Fact Check: Claiming Asylum

The administration’s decision to separate families coming to the U.S. border to seek asylum has prompted some questionable justification about the policy.

From claims stating there is a “right way” to seek asylum to claims parents broke the law by seeking asylum, many of the statements the administration has made are simply false.

U.S. asylum laws are in place to give the opportunity of asylum to people who are qualified for protection. The U.S. is required under international law to allow folks to claim asylum if they have legitimate humanitarian claims and would be in danger if they were to return to their homes.

Here are some of the facts about asylum.

Claim: The administration has said, people who want to claim asylum should seek it the “right way”

Fact: There is more than one way to come to the United States and claim asylum.

· An official port of entry: Someone can claim asylum if they approach an official port of entry into the U.S. and present themselves to U.S. Customs and Border Patrol (CBP) Agents.

· Coming into the U.S. between ports of entry: Someone can claim asylum if they enter the U.S. in between ports of entry and are apprehended by CBP agents. While this is an illegal way to enter the country, the asylum claim is still legal.

· Even if someone enters the U.S. illegally, they have one year to claim asylum from the date of entry.

· Defensive asylum: Someone who is in removal proceedings may apply for asylum by filing an application with an immigration judge through the Executive Office for Immigration Review in the Department of Justice.

Claim: “If you don’t want your child separated, then don’t bring them across the border illegally.” — Attorney General Sessions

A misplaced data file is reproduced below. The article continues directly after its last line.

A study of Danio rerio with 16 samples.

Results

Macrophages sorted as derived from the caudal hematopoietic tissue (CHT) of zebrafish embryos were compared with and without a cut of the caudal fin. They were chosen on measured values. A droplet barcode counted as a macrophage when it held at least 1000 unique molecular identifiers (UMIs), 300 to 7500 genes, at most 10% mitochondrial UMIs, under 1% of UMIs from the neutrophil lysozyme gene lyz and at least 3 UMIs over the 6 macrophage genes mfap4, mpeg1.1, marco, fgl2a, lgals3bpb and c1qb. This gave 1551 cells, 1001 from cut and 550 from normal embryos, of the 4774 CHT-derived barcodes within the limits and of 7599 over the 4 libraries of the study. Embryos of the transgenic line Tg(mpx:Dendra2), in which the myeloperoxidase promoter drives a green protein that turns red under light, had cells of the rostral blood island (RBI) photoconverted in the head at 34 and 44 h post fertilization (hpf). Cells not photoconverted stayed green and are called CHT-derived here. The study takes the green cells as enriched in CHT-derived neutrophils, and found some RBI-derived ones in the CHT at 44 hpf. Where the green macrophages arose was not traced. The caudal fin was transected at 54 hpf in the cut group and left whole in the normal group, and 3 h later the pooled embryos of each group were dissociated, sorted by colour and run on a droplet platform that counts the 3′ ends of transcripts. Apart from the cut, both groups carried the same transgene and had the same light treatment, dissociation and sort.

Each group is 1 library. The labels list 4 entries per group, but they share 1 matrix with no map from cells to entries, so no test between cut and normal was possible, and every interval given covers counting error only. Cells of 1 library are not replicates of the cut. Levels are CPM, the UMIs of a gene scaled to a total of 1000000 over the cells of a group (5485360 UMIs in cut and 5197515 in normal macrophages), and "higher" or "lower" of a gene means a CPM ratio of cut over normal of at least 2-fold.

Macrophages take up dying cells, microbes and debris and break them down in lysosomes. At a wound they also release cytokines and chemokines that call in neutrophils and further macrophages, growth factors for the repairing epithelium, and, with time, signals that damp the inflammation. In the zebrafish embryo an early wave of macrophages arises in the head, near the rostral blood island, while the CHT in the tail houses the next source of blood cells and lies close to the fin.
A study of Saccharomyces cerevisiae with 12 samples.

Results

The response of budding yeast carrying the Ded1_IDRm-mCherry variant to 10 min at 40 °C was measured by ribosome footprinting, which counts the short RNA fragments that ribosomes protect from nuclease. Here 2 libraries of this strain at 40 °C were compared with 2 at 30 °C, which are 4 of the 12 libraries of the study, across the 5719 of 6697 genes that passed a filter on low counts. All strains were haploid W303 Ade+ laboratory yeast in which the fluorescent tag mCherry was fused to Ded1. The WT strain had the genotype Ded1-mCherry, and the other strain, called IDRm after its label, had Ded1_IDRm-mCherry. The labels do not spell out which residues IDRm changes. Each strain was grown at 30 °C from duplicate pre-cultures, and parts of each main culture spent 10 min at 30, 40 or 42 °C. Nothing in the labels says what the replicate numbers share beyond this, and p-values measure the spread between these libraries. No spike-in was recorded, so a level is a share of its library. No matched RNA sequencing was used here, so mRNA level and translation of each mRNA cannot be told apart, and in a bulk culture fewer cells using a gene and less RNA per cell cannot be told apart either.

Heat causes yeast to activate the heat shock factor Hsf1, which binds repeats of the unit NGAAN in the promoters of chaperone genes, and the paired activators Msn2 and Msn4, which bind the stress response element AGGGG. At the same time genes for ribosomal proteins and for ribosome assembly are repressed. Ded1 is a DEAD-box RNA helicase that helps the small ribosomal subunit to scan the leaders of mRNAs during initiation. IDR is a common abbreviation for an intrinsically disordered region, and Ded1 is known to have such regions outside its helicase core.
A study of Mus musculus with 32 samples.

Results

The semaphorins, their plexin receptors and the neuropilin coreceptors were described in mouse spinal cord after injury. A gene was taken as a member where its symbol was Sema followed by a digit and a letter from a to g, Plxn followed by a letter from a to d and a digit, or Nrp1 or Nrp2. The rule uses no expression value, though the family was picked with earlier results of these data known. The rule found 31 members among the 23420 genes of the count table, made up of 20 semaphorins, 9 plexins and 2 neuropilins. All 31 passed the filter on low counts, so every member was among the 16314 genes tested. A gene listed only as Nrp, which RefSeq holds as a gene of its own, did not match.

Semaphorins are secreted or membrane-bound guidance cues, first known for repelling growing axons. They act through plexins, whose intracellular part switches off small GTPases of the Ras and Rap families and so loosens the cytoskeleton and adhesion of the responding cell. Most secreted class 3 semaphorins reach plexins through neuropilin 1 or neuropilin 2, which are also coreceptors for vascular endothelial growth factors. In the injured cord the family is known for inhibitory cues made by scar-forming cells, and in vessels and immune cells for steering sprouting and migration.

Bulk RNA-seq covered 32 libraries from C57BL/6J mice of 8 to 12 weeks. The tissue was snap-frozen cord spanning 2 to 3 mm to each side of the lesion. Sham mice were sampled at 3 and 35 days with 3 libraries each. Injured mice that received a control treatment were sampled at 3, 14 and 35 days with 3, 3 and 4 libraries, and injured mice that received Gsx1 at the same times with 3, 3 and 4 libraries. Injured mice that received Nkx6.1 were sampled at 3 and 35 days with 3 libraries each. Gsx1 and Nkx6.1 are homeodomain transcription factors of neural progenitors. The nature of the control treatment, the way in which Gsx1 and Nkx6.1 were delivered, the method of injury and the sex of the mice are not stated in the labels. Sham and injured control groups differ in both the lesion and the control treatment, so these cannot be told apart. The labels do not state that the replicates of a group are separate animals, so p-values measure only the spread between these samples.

Fact: The U.S. government has an obligation to allow asylum seekers to come in at official ports of entry.

· The U.S. government is prohibited under international law from turning away people with legitimate humanitarian claims. The Refugee Act of 1980 says the U.S. cannot send asylum seekers back to countries where their lives are in danger.

Claim: “We do not have a policy of separating families at the border. Period.” Secretary of Homeland Security Kirstjen Nielsen

Fact: Data from the Department of Homeland Security paints a different picture.

· According to Department of Homeland Security, 2,342 children have been separated from adults at the U.S. border between May 5 and June 9.

Claim: “The Democrats have failed to come to the table, failed to help this president close these loopholes and fix this problem.” — White House Press Secretary Sarah Huckabee Sanders

Fact: This administration has made the choice to implement a “zero tolerance” policy.

· The administration has eliminated funding for community-based alternatives, like the Family Case Management Program. When active, the FCMP pilot had 99 percent compliance rates with immigration requirements such as court hearings and immigration appointments.


What can Congress do?

Separating children from their mothers and fathers is cruel and unacceptable. It must stop.

The family separation policy is clearly not working.

· Using family separation as a disincentive for coming to the U.S. is clearly not working.

· Arrests at the border have increased over the last few months. If the policy were working, there would be fewer arrests because fewer people would be crossing the border.

Congress has proposed legislation to halt separation of immigrant families.

· I am an original cosponsor of the Keep Families Together Act. This bill would halt the separation of families coming across the border.

· I support H.R. 3923, the Dignity for Detained Immigrants Act to reform the immigration detention system by ending use of private facilities, repealing mandatory detention and increasing oversight, accountability and transparency of the immigration detention system.

· I am a cosponsor of H.R. 5950, the Human Enforcement and Legal Protections (HELP) for Separated Children Act. This bill would protect children whose parents are involved in immigration enforcement actions and keep children out of the child welfare system if it is not necessary to ensure children’s safety.


Congress must come together to find a permanent solution to end this cruel and unacceptable practice. Families coming to the U.S. to protect their children should not be forcefully separated once they arrive to the U.S. border.